For many people who have one, a prenuptial agreement can be a vital safety net. These agreements can provide some peace of mind and guidance during a tumultuous time – the end of a marriage.
However, in some cases, a prenuptial agreement may no longer seem to be fair or appropriate. And rather than giving parties some reassurance, it can create problems that make people worried about their life after a divorce. In these situations, parties may wonder if they can – and should – attempt to invalidate their prenup.
Contesting a prenup
To invalidate a prenup, parties need to successfully argue that it is invalid. There are numerous reasons an agreement may not be valid. Some of these reasons include:
Evidence that one party was forced or coerced into signing it
A grossly unfair agreement
The discovery that a party lied about or failed to disclose details in the document
No written agreement, making the agreement invalid
Proof that the document was not signed before the wedding
Lack of consideration, meaning that one party was not able to review it appropriately before signing
For these and other reasons, the courts may set aside certain provisions or the entire agreement.
Why would a person want to challenge a prenup?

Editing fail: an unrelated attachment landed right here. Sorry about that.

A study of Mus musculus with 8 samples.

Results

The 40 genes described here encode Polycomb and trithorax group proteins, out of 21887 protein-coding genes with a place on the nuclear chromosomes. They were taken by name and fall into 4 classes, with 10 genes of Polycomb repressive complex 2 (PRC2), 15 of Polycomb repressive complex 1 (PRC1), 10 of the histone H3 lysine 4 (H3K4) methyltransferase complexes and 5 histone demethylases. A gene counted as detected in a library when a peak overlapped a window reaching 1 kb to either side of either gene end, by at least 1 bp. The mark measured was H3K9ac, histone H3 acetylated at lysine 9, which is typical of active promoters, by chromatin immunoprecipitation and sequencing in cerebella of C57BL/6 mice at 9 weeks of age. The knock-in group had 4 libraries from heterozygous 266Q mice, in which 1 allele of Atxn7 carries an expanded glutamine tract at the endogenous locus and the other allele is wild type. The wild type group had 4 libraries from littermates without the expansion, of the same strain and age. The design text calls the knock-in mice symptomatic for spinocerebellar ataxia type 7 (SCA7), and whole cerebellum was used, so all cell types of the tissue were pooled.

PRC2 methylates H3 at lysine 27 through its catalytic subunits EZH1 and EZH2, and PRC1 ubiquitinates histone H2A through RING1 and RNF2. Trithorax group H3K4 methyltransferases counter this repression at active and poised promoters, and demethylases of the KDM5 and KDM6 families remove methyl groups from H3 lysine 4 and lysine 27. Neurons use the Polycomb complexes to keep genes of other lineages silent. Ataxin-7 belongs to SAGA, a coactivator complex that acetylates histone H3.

Considering the effort that it can take to create a prenup, disputing its validity is not a decision that people make lightly.
However, if you learn that fraud, coercion, or other bad acts were involved, and you are now at a disadvantage because of that, challenging the agreement can be crucial in securing a fair divorce settlement.
It is worth noting, though, that contesting a prenup just because you do not like the terms may not be successful without legal grounds to overturn it. As such, it is crucial for parties to consider their options carefully and review an agreement before they sign one in the first place.
If you have any concerns about the validity of a prenuptial agreement, whether you are going to sign it or you have already signed it, securing legal counsel can help you make decisions that protect your best interests and your future.